Role of Emotions in Decision Making

When it comes to decision-making, all experts agree that it shouldn’t be based on emotions. The reason is simple; emotions are transient but rationality and logic are lasting.

Any action based on emotion may give you a temporary relief and satisfaction but it may have lasting undesirable consequences. That applies to any emotion, be it anger, love, greed, or fear.

Does that mean emotions have no place in decision-making?

Far from it! Being human, we have no choice but to live with our emotions. That’s a part of us that gives our lives flavor.

So how can we incorporate emotions into our decisions, without sabotaging the rational and logical thinking?

When it comes to decision-making, our emotions need a seat at the table, but they should not be allowed to overtake the process. One should give weight to long-term emotional effects of a decision rather than the immediate relief it provides.

Math and logic have lasting effects, so any decision purely based on logic stands the test of time and wins eventually. However, some emotions can have a lasting effect as well.

It’s wise to separate transient emotions from lasting emotions, and then give the lasting emotions a seat at the decision-making table.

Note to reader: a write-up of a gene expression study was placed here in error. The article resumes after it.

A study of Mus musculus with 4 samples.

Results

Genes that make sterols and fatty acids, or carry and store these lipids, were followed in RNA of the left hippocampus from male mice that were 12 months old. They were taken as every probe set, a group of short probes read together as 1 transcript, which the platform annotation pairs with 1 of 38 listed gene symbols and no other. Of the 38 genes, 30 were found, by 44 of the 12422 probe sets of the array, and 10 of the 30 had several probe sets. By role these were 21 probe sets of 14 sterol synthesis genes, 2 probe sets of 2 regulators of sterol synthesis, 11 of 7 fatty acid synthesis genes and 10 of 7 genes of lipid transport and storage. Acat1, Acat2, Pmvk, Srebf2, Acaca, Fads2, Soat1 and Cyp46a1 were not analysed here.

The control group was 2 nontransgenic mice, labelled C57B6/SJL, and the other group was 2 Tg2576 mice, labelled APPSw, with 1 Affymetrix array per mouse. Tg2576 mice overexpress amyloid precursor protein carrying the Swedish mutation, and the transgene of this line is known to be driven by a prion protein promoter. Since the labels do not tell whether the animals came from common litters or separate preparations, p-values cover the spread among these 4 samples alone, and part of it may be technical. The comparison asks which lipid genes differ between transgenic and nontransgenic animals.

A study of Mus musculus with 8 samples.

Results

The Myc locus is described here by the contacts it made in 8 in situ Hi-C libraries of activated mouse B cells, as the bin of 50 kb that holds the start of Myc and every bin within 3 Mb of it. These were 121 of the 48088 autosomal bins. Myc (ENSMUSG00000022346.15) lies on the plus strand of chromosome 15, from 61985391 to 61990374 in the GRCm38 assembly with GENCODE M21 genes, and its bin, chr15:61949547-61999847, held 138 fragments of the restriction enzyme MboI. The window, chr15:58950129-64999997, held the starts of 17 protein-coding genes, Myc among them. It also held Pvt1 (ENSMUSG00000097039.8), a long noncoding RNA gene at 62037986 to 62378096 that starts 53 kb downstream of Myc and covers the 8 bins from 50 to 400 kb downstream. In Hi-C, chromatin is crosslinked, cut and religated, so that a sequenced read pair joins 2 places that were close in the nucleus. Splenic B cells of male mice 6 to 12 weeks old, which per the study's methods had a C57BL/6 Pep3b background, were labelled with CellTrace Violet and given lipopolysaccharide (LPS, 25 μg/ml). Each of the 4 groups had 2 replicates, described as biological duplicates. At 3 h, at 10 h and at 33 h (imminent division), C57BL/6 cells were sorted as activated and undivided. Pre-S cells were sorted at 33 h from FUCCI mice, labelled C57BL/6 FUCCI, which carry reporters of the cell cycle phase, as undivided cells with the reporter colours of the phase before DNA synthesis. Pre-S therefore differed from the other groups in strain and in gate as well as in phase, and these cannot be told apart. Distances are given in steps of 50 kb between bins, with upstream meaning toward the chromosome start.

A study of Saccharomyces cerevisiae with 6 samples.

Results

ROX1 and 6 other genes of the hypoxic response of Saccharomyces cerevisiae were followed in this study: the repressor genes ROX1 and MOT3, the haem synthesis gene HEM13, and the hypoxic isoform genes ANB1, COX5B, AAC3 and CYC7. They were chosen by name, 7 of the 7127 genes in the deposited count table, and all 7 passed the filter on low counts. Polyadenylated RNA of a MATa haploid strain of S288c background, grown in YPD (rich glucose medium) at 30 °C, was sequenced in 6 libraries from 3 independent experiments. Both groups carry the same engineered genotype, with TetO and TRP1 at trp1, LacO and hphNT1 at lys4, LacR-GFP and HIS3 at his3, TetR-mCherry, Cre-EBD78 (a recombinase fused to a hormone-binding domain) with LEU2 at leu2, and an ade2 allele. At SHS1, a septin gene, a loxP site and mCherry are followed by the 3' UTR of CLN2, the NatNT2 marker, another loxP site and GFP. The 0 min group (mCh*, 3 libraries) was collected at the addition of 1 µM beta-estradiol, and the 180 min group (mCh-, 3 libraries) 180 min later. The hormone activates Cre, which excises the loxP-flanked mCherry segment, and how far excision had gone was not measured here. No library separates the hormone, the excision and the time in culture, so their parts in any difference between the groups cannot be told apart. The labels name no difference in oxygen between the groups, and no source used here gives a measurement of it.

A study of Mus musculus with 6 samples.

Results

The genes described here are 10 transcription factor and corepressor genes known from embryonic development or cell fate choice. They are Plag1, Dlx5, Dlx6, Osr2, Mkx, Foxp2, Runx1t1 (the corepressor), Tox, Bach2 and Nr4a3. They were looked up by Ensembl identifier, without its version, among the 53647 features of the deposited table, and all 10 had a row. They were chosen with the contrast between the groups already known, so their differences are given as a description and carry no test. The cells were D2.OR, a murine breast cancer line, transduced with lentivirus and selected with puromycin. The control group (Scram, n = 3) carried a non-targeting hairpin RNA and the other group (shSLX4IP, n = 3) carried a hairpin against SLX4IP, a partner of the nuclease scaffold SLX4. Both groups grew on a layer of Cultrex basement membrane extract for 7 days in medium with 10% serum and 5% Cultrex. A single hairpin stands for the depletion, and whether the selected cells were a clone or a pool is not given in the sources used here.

After assessing logical impacts of a decision, you must consider the lasting emotional impact of a decision as well. Will your decision, albeit logical, make you feel a certain way in the long run? Be it guilt, lack of self-respect, or hurt self-esteem.

Best way to keep the transient emotions like anger off the decision-making table is to have a cool-off period.

When presented with a situation, keep in mind that you don’t have to respond immediately. You must never let anyone or any situation force a response on you. Your true power comes from responding at the time of your own choosing.

Most often an event itself is not as big of a problem as your reaction to it.

Ideally, you would like to be completely detached from the problem when making a decision, so you can assess the situation and the consequences of any decision objectively. However, if you haven’t reached that level of Zen-like detachment, you should let your emotions present their case after a cool-off period. Ask yourself “How would this decision make me feel in the long run?” For example, standing up for what you truly believe may prove to be costly for you in some situations and so seem illogical. On the other hand, if not standing up for what you believe can hurt your self-esteem and impact your performance in the long run, then it’d be logical to take your long term emotions into account.

Summary:

Ideally, you would like to be as logical as a Vulcan and as detached as a Zen master when it comes to decision-making, but if you cannot be those, you should at most let your long term emotions have a say in your decision making. As for short term emotions, avoid them as much as you can. Give yourself a cool-off period. Sleep on it!

To learn more check out Dr. Eric Amidi’s ideas on sound decision making.